Keye Luke was the perpetual Asian American sidekick in dozens of films over six decades. He will be forever in the public eye as Charlie Chan's "No. 1 son" in that classic mystery series.
His career ran a gamut from the bewildered but pleasantly courteous son in 13 of the 46 Chan films to the blind, omniscient Buddhist monk who was David Carradine's mentor in the "Kung Fu" TV series.
He had begun at the studios as a commercial artist (his paintings, portraits and drawings were exhibited often over the years) and made his film debut in the 1934 Greta Garbo vehicle, "The Painted Veil."
"I was extremely lucky," he told The Times in 1986. "I started at the top."
And he stayed there for nearly 150 parts, including the "Dr. Kildare" series, the Green Hornet's fighting servant Kato, "Oil for the Lamps of China" and "Love Is a Many-Splendored Thing."
His roles involved such kindly older men as the curio shopkeeper in the "Gremlins" films and the beloved father in the New York company of "Flower Drum Song."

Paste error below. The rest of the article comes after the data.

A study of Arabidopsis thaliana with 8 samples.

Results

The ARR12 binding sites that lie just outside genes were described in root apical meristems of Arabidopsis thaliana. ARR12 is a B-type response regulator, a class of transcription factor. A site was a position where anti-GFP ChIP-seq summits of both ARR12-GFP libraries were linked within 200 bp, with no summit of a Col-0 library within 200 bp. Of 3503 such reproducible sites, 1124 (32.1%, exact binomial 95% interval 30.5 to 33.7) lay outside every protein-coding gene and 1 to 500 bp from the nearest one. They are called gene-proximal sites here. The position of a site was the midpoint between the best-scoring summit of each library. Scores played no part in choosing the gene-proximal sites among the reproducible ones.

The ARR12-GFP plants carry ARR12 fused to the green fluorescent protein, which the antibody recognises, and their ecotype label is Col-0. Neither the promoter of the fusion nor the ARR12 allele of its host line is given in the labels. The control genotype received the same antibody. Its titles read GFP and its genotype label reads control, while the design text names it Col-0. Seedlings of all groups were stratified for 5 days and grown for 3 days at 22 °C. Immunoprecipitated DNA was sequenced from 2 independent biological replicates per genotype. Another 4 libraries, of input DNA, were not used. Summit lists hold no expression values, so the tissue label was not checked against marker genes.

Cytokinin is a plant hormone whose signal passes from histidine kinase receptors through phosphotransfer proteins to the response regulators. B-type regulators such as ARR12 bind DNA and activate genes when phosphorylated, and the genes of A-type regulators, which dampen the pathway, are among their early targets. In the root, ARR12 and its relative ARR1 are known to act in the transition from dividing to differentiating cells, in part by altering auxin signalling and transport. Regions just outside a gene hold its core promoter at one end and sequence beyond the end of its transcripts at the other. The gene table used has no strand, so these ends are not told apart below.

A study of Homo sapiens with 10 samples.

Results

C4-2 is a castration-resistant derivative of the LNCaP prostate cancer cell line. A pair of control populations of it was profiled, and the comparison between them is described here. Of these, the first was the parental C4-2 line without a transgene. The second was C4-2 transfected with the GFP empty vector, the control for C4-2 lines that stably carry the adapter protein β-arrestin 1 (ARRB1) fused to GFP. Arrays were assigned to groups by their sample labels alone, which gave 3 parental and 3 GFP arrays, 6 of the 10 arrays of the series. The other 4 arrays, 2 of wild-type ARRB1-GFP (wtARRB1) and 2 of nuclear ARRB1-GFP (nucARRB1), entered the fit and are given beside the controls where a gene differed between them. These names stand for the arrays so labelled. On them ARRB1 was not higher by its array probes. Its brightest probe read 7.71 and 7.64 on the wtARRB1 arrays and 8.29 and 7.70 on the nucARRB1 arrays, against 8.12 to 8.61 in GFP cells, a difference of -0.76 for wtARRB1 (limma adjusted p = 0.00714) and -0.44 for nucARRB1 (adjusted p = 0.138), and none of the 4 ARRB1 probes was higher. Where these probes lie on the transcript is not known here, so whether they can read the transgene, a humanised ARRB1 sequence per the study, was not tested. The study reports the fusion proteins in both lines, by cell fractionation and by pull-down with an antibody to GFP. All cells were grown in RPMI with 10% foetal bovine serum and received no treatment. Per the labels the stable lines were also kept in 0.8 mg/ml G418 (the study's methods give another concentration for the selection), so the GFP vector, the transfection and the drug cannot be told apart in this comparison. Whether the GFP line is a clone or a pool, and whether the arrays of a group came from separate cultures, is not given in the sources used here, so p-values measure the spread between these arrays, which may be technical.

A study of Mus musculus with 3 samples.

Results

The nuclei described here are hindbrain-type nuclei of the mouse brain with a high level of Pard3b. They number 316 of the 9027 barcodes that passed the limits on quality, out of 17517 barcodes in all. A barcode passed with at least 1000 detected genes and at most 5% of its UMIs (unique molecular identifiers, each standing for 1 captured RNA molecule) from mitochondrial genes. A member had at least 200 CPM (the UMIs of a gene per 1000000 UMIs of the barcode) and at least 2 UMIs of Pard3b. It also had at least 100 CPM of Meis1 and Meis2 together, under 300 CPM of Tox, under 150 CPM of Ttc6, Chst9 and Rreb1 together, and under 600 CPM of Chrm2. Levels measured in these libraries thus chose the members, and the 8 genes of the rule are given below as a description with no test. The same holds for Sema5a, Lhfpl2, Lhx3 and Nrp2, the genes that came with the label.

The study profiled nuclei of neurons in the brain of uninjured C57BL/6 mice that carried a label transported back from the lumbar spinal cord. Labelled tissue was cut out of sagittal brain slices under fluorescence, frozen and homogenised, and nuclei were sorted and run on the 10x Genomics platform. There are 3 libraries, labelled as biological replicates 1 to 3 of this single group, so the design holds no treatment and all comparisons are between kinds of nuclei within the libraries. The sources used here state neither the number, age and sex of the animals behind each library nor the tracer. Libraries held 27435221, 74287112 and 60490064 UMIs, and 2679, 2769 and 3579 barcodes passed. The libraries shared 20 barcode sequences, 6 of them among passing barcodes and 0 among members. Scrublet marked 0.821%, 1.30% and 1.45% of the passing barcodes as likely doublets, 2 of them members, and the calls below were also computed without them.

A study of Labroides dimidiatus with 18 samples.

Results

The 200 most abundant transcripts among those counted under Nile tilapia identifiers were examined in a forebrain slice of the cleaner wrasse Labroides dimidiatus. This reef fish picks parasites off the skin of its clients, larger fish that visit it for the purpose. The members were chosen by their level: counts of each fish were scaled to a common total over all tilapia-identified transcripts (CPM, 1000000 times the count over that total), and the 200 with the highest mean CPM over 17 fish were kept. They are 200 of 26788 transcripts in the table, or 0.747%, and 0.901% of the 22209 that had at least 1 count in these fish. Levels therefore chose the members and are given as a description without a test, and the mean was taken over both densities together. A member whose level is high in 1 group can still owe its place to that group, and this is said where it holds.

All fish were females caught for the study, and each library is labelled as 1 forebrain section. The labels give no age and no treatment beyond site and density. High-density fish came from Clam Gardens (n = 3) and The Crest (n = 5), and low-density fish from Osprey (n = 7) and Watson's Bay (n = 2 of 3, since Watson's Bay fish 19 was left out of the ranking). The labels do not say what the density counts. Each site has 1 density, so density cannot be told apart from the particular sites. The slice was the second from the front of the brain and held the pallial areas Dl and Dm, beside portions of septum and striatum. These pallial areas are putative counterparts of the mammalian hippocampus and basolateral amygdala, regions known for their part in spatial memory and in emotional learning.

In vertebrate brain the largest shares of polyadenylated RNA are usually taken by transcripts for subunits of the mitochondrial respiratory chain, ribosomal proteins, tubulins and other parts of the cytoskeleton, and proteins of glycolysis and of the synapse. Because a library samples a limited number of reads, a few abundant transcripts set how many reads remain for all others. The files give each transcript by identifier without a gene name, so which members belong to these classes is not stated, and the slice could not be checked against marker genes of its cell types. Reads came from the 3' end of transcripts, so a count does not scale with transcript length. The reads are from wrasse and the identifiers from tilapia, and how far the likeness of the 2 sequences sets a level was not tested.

Luke said he left the Chan series after the 1938 death of Warner Oland, "the only Charlie Chan."
While many have criticized the casting of Oland — a Swede portraying an Asian sleuth — Luke defended both Oland and his own portrayal of the passive son.
"He gave a faithful portrayal of a Chinese Mandarin scholar" and studied both Chinese culture and Chinese dialogue, Luke said in 1986.
"How can it (the Chan character) be demeaning . . . when the character was the hero? People respected him, police departments consulted with him."
But his favorite role was as Master Po, the monk of the Shaolin Temple in "Kung Fu."